Nikon 1 Nikkor VR 10-30mm f/3.5-5.6 Review
Ease of Use
The 1 Nikkor 10-30mm lens mounted to a Nikon 1 V1 camera body
Built for the new Nikon 1 system, which uses the so-called CX format sensor that measures just 13.2x8.8mm, the 1 Nikkor VR 10-30mm f/3.5-5.6 is certainly a small lens – but not that much smaller than the Olympus M.Zuiko Digital 14-42mm f/3.5-5.6 II R Micro Four Thirds zoom that has to serve a considerably bigger sensor (not to mention the new Panasonic Lumix G X Vario 14-42mm f/3.5-5.6 ASPH Power OIS collapsible power zoom, which is more than 35% shorter when collapsed).
Alongside the Nikon 1 V1
The Nikon 1 Nikkor VR 10-30mm f/3.5-5.6 features a collapsible-barrel design similar to that employed in some Olympus MFT lenses (including the M.Zuiko 14-42mm mentioned above). This means that when the lens is not in use, you can store it in a space-saving retracted position. When you need to shoot with it, all you need to do is depress the zoom ring button and extend the lens to the 10mm position (assuming it's already attached to the camera, of course). This also causes the camera to turn itself on, with no need to press the power button on the camera body you are using. Build quality is good, with the lens feeling surprisingly solid for its size and price tag.
Front of lens, isometric view
The Nikon 1 Nikkor 10-30mm f3.5-5.6 VR lens takes small 40.5mm filters and ships with a tiny snap-on lens cap, but without a hood (the HB-N101 lens hood is an optional extra). In terms of features, the lens – just like its brother, the 1 Nikkor VR 30-110mm f/3.8-5.6 telezoom – is a rather unusual offering. It has Vibration Reduction but there are no controls for it, as you can turn it on and off via the camera's menu (with the “on” options being Normal and Active). You also get a choice of auto and manual focus, but there is no focus ring, and no focus mode switch either. Switching between AF and MF is also done via the camera's user interface, and you need to use the camera's rear-mounted scroll wheel to focus the lens manually, which may be unusual if you're used to SLR lenses. The lens does have a traditional, mechanically coupled zoom ring, though, which works as expected.
Rear of lens, isometric view
The lens is outfitted with a solid metal bayonet mount and a dozen electrical contacts that provide 100% electronic communication with the camera body.
Due to the 2.72x “crop factor” of the Nikon CX sensor the lens has been designed for, the Nikon 1 Nikkor VR 10-30mm f3.5-5.6 has a 35mm equivalent focal range of 27.2-81.6mm.
At the 30mm end of the zoom range, the angle of view is 77°, which is a little bit wider than that of a 28mm lens mounted to an FX or 35mm film camera.
Field of view at 10mm
At the 30mm end, the angle of view narrows to 29°40’.
Field of view at 30mm
One of the biggest claims Nikon has made about the 1 System was that it has the fastest AF in the world. Now, we've heard that claim before from other companies so we were naturally curious to find out how this particular lens behaved in this respect. We're pleased to report that in good light, the 1 Nikkor 10-30mm lens, mounted to a Nikon 1 V1 body, does indeed focus extremely quickly, even if your subject is in motion. As long as there is enough light for the phase-detect auto-focus system to work, you won't have to worry about missed moments.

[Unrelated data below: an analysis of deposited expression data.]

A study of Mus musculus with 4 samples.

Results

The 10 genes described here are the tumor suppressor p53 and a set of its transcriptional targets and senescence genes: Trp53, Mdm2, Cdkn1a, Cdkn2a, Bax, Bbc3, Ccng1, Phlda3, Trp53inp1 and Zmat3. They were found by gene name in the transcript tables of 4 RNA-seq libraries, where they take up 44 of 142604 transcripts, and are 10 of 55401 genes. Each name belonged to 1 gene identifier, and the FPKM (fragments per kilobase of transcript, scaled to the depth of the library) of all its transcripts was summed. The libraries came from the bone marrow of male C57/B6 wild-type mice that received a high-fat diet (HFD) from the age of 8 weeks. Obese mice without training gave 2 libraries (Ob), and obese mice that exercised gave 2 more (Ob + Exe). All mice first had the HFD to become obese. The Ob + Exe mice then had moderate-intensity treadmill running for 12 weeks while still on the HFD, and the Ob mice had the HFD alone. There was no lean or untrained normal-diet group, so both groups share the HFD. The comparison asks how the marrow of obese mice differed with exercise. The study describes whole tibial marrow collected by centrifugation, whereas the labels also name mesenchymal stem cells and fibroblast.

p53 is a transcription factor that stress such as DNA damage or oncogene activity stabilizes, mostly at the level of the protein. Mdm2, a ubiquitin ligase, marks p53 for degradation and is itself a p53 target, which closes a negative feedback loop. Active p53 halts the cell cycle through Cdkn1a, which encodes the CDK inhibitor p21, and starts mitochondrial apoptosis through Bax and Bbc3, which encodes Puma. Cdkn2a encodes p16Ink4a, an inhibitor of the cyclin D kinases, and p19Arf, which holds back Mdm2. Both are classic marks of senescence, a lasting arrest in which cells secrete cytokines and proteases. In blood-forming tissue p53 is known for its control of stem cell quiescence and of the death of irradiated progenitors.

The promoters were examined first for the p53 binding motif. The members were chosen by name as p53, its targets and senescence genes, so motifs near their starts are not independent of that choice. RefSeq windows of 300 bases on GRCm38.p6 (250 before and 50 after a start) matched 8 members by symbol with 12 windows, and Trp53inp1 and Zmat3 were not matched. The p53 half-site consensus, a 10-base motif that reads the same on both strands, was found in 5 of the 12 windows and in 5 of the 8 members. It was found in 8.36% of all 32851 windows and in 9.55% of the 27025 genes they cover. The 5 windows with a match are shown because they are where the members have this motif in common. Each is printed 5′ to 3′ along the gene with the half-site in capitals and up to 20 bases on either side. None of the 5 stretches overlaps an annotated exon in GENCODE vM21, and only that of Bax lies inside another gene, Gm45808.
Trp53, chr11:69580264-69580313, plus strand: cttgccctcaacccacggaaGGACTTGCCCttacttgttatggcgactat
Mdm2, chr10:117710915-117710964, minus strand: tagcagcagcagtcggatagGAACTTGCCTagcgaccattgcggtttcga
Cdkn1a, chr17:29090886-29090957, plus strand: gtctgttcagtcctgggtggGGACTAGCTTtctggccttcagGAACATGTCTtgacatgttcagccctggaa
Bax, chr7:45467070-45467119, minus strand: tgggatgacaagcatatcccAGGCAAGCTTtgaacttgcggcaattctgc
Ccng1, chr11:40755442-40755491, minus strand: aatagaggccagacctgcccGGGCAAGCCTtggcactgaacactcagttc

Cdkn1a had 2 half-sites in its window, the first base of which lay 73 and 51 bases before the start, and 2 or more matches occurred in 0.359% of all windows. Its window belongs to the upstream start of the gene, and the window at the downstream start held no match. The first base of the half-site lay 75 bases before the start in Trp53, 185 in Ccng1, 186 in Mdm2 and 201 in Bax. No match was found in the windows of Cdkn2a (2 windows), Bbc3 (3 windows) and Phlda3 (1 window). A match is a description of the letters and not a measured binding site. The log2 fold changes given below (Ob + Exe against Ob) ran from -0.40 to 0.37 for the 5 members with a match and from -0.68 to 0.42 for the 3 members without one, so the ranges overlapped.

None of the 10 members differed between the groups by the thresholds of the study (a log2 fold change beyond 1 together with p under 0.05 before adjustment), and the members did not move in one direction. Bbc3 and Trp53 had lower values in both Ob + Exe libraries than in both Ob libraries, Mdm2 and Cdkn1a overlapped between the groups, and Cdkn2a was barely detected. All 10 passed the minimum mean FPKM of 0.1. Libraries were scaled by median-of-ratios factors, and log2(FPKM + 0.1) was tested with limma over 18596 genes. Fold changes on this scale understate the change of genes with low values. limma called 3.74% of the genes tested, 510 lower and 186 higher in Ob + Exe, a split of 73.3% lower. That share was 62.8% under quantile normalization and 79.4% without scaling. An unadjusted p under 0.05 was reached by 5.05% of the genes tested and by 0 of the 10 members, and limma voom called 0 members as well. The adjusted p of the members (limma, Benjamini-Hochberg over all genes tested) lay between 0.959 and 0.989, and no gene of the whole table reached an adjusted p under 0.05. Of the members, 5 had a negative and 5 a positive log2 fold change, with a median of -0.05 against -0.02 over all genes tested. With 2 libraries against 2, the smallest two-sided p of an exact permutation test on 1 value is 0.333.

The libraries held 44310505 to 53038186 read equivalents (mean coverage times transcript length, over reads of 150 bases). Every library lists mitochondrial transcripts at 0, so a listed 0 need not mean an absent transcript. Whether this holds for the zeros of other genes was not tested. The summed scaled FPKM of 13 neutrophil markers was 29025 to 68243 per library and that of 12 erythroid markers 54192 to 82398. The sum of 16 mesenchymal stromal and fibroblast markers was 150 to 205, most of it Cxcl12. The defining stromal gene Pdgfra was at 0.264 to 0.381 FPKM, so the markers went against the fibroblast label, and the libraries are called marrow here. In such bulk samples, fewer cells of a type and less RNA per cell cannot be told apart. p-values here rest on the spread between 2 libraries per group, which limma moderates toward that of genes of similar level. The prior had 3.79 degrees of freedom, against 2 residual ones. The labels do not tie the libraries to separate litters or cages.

In low light, the 1 System cameras will resort to contrast-detect AF. This focusing method is slower than the phase-difference detection used in good light, so do not expect the lens to achieve the same level of performance. Low-light shooting pretty much requires your subject to stand still.
As mentioned above, manual focusing is also possible, even though the lens does not have a focus ring. To focus manually, you first need to set the focus mode to MF on the camera, then use the scroll wheel for focusing. This isn't the most intuitive method and you will likely to find it strange if you're coming from the SLR world. Also, while the camera offers a magnified display to aid you with getting the focus right, the magnification seems interpolated and is thus a lot less helpful than it could be with a better implementation.
Chromatic aberrations, typically seen as purple or blue fringes along contrasty edges, are quite well controlled with this lens. The example below shows what you can expect in the worst case.
The lens has some barrel distortion at the wide end, but you will only see it when the subject is very close, as in the example below.
Corner shading isn't an issue with this lens. You may see a hint of vignetting in the extreme corners at the 30mm focal length setting, but it's absolutely nothing to worry about in everyday shooting.
The Nikon 1 Nikkor 10-30mm f/3.5-5.6 VR is not claimed to be a macro lens, and its 0.21x magnification probably doesn't sound very exciting – until you realise that with a CX sized sensor, this means that you can fill the frame with a subject as small as 63x42mm. This is near-macro territory! The following example demonstrates how close you can get to your subject, in this case a Compact Flash card.
Bokeh is a word used for the out-of-focus areas of a photograph, and is usually described in qualitative terms, such as smooth / creamy / harsh etc. In the 1 Nikkor VR 10-30mm f/3.5-5.6, Nikon emplyed an iris diaphragm with 7 rounded blades for a smooth bokeh. We have found that when you can throw the background sufficiently out of focus, the lens can produce a fairly pleasing bokeh but your subject needs to be very close and the background quite far away for that.
In order to show you how sharp this lens is, we are providing 100% crops on the following pages.